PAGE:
Building Your Team
September 24, 2010
Without professional input you're not investing in land, you're simply gambling.
Let's face it: Buying land can be complicated. There are aspects of evaluating and owning land that simply are not intuitively obvious. The truth is, you can study and research all you want, and you still won't learn everything you need to know about land, timber, water, financing, regulations and permits. If you are serious about owning land, there are times you will need professional help.
You may know what a survey is, and what a boundary line looks like, but most of us are not qualified to actually verify a boundary line encroachment. You may know trees and be able to identify which types are the most valuable, but cruising timber on your own or determining its real value is another story. And there are serious issues concerning appraisals, wildlife, wildlife potential, lake construction, easements, utilities and many others that require the perspective of someone with experience and expertise.
Most land buyers are not willing to pay for information, and it can be an expensive proposition. But when I began investing in land, I quickly recognized it's a team sport.
So I assembled a team of people who had knowledge and experience in specific areas where I did not. I partnered with a forester and I hired an appraiser. Now I have a wildlife biologist, a lake builder, financial people, a forester, and a land services guy on staff. The reason I have those people on my staff today is because they are incredibly important to my land investment business. Even though I've been doing this for a long time, I still need professional advice. You probably do, too.
To be successful on purpose (rather than by accident), you'll need professional input. Without it, you're not investing in land, you're simply gambling. And the stakes are too high to roll the dice on a land purchase.
Be aware, however, that there is a big difference between experts who are merely "book smart" and those who are "woods wise" and can effectively apply what they know in the reality ot today's land market.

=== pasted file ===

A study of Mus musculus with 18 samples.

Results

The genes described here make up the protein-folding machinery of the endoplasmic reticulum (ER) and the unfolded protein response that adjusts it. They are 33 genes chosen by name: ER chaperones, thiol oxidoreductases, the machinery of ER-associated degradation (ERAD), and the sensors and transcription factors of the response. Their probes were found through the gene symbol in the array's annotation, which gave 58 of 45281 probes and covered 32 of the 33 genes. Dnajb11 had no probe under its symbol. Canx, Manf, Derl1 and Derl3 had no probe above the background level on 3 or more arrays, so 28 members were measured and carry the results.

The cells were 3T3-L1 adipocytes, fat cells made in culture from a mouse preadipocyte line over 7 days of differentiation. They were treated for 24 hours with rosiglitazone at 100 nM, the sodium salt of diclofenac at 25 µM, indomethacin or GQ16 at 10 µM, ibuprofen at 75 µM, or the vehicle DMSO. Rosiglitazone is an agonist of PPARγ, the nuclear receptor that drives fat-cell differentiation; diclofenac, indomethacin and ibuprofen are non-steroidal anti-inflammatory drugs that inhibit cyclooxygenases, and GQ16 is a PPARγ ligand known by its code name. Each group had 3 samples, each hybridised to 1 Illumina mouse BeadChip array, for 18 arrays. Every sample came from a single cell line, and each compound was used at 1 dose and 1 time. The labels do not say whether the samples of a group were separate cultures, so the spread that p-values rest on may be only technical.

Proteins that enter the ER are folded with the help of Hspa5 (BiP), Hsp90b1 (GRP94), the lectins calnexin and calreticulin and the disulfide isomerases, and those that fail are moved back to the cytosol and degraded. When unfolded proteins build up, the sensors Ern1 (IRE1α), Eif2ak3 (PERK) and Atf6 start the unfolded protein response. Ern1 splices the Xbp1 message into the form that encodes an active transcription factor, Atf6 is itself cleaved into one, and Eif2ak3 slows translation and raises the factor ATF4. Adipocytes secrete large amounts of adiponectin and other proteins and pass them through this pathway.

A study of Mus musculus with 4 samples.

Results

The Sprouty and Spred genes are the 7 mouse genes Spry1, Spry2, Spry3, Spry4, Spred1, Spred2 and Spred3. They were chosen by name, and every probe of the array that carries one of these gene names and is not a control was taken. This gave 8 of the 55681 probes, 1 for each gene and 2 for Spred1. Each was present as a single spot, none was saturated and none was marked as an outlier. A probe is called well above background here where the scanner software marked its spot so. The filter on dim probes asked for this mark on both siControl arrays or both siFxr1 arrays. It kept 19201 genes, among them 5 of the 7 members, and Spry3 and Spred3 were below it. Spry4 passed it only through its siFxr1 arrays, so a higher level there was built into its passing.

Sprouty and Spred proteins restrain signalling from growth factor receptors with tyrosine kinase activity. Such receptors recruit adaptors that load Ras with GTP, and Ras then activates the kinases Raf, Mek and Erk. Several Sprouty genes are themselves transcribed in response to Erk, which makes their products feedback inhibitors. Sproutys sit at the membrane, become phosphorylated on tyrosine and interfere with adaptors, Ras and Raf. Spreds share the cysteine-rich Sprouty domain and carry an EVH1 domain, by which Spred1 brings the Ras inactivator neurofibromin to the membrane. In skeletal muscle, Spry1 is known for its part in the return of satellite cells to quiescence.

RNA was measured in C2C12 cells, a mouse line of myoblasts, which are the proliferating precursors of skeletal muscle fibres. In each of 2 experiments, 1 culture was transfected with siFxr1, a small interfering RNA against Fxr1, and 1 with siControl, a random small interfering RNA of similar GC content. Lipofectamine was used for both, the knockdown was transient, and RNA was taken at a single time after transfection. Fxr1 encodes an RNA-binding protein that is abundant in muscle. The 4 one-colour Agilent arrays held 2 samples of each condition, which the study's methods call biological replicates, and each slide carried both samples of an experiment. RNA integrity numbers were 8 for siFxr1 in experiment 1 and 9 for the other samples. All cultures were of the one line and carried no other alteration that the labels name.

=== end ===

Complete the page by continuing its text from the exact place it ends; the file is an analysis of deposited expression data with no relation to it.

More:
One problem is that bonafide experts and complete idiots sound exactly the same the first time you meet them. So before you go and bet the farm (literally) on the expertise of someone you hardly know, take the time to ask that person some questions. If you don't know the right questions to ask, get a referral from someone who does, or better yet, someone who has experience (both good and bad) with experts in that particular field.
If you're looking for a forester, go to a local Forestry Association or Forest Landowner meeting and ask existing landowners who they trust and use themselves. If you need a reliable surveyor or appraiser, go to a local land lender and ask who they trust and use regularly. If you want the services of a real estate agent, don't just pick the one with the most listings in the local paper. Ask a closing attorney or a banker or a land investor to tell you who they think does the best job for their clients.
Ask bankers and agents for recommendations on real estate attorneys. Get to know the folks in your state's Forestry Commission or Fish & Wildlife Service. Besides knowing who the local experts are, these state agencies often provide consulting services, and sometimes those services are even free!
These suggestions are just a starting point. You may need other kinds of experts I haven't mentioned, and you may not need all of these folks on every land transaction. But to avoid costly mistakes, you better know someone you can call when you need expert answers to land questions.
ABOUT THE AUTHOR
Don Webb is the author of "Maximizing The Land Ownership Experience" and president of Greenwood Land Company, which provides land acquisition and consulting services. Contact him at (706) 575-4178 or go online to www.greenwoodproject.com.